Asked on MosaicHub by Jackie G.
Here are 10 rules for naming your new company.
Don’t rush it. A bad company name is tougher to dump than a bad spouse!
Brainstorm to start with. Bring in a few savvy allies and start tossing out both sensible and crazy ideas. Write ‘em all down. The most outrageous suggestion might later spark the most practical name. Listen to yourself as you explain to people what you do, or when they then paraphrase what you do.
After you narrow down the candidate names, run them by people who might be your clients. If you get blank stares, scratch that one. If their eyes show recognition, you’re getting close. Listen for the one that clicks. I bought my company, and retained the (so-so) name, The Business Group. But my slogan, which is my top selling tool, just popped out of my mouth when I was explaining to someone what I do. (It’s “Grow Your Business without Driving Yourself Crazy®.”)
Try to find a name for which the URL is available. If not exactly, then very close. I failed at this, because my company name is too generic. But I got the “dot biz” version. (Your URL must be something you don’t have to spell for people. No hyphens, underscores, abbreviations, or cutesy made up words.)
Can your company name actually tell what you do and convey a benefit to the desired customer? If you can come up with one that does, use it. Even pay for it if you have to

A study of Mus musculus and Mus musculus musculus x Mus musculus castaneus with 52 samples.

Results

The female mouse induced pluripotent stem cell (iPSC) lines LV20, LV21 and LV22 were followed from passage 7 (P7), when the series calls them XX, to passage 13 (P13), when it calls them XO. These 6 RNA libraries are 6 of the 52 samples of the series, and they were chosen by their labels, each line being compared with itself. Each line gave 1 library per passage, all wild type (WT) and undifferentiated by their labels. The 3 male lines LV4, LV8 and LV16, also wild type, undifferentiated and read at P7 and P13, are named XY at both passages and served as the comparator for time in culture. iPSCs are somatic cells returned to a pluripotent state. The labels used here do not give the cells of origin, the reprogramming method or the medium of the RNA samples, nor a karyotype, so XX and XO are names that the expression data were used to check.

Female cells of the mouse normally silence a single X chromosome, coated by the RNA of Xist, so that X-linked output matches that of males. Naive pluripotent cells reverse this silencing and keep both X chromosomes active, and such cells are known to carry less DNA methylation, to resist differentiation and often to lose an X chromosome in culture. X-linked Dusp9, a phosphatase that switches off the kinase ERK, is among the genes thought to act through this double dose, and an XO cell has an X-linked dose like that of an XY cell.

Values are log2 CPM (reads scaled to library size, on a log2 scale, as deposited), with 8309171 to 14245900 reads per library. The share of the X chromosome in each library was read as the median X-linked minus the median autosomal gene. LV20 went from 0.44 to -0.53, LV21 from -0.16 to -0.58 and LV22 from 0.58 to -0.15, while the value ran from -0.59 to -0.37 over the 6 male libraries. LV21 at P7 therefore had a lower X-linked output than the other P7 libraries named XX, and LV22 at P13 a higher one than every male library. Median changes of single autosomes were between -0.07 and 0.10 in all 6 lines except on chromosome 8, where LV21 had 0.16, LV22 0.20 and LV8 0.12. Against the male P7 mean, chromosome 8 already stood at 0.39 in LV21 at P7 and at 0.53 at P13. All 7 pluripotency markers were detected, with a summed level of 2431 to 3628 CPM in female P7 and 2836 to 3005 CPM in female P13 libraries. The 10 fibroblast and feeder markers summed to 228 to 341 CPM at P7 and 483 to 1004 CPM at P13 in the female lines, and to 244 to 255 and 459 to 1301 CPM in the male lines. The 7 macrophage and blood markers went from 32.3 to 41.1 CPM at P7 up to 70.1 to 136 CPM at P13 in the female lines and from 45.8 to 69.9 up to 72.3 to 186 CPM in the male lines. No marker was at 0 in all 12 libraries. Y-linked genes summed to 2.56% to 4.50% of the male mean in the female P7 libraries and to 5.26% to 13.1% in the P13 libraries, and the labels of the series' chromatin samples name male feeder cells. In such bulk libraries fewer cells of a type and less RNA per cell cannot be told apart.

Select a name in conjunction with clarifying your brand and designing your logo. Also choose your tagline or slogan this way.
What about clever made-up names? If people don’t get it instantly, it’s no good. The companies that successfully use made-up words for their name have a million dollar promo budget to drum it into the public consciousness. You don’t have that. For every Google and Xerox, there are dozens of failed names that just evoke a “Huh?” response from people
If you need to launch and don’t yet have a name that clicks, operate under your own name. Then when the right name pops out, register that as a DBA.
If you decide to use your own name, use your last name, not first. “Jackie’s Resume Service” sounds small; “Turner Executive Job Placement” sounds corporate.
If you use your name, is this a problem when you want to sell? Not necessarily. A client of mine just sold her company for $1 million, even though it had her last name. The buyer plans to retain the name.
There’s a trade-off between being too specific and too generic. You could be “The Turner Group,” which says nothing but allows you to diversify. “Turner Executive Placement” is specific, conveys a benefit, but could get in the way if you diversify.
But the less generic and more specific, the more likely you can register the corresponding URL. E.g., “turnerexecutiveplacement.com” may well be available.